Port project a big deal

U.S. Rep. Jack Kingston represents Georgia’s 1st Congressional District.

After 14 years and the most comprehensive study of the Savannah River in history, at least two things are clear: Savannah’s harbor can be deepened in an environmentally sensitive manner, and the project is in our national interest.

When Congress first authorized this project in 1999, we included a unique provision for a civil works project, requiring that four federal agencies approve it and certify that its environmental impact is adequately mitigated.

The Army Corps of Engineers, Environmental Protection Agency, Fish and Wildlife Service and National Oceanic and Atmospheric Agency — in addition to Georgia and South Carolina — have participated in the study that created our current environmental mitigation plan.

In studying the project, every effort was made to avoid and reduce environmental impact. Such great care was taken, mitigation accounts for about half the total cost of the project.

Mitigation projects include flow rerouting to expand wetlands, the expansion of the Savannah National Wildlife Refuge by 2,245 acres, marsh restoration, the removal and conservation of the sunken CSS Georgia Civil War ironclad, and a dissolved oxygen system that will improve oxygen levels in 90 percent of the estuary.

The Corps has doubled its planned monitoring period from 5 years to 10, giving it additional time and resources to ensure mitigation is working and make adjustments as necessary.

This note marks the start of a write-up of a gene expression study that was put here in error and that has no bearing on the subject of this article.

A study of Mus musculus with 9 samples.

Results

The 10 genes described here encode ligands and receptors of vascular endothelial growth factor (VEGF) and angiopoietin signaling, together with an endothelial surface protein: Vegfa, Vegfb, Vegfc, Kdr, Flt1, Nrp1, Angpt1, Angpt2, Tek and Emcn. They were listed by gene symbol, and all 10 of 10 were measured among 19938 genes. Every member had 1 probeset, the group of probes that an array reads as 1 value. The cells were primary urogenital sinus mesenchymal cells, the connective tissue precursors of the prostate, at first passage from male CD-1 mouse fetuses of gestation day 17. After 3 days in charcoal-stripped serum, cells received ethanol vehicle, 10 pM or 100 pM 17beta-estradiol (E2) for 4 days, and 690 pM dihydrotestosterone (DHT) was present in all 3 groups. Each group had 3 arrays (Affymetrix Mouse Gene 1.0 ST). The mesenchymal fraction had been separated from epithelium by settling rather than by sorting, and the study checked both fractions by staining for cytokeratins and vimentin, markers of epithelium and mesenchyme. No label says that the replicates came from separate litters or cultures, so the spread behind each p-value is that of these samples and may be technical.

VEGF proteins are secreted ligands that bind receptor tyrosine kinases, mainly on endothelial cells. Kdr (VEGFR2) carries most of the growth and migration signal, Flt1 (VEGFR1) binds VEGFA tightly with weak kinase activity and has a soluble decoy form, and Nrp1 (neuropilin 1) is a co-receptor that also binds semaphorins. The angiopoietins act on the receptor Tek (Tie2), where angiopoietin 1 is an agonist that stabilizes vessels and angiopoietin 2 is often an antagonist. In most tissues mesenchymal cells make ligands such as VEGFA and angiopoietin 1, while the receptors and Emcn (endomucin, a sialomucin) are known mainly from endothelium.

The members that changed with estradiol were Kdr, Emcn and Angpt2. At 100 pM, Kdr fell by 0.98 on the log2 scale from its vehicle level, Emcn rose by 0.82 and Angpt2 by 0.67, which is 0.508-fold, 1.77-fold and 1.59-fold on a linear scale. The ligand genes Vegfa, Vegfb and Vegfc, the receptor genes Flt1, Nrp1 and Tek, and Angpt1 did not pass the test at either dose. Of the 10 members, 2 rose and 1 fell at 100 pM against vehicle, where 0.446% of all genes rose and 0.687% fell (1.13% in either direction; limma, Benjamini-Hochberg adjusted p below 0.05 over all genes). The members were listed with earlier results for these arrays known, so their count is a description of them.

Beyond ensuring the project can be completed in an environmentally sensitive manner, it is incumbent on the Corps, Congress, and me as representative to ensure the project is a good use of limited taxpayer resources.

For every dollar we invest in the expansion of Savannah’s harbor, we will see a return of $5.50. That is the greatest return on investment for any project of this kind. Also, Georgia’s deep-water ports are regional and national economic engines. They support 352,000 jobs and contribute $18.5 billion in income, $66.9 billion in revenues, $2.5 billion in state and local taxes and $4.5 billion in federal taxes yearly.

Deepening Savannah’s harbor will augment that already huge economic impact. Once completed, the project will yield $174 million annually in net economic benefit. The Corps also estimates the project will more than double the amount of cargo that passes through the port by 2030.

Companies using the port will realize great efficiencies, as fewer ships can carry more goods. They are estimated to see a savings of $213 million each year, or $10 billion over the life of the project that can be reinvested in job creation and business expansion.

This project makes economic and environmental sense. In the time we studied it, China took a port larger and deeper than Savannah from start to finish. We cannot fall behind.

If America is to remain competitive, we must be able to accomplish big things. The Savannah Harbor expansion project, most certainly, is a big thing.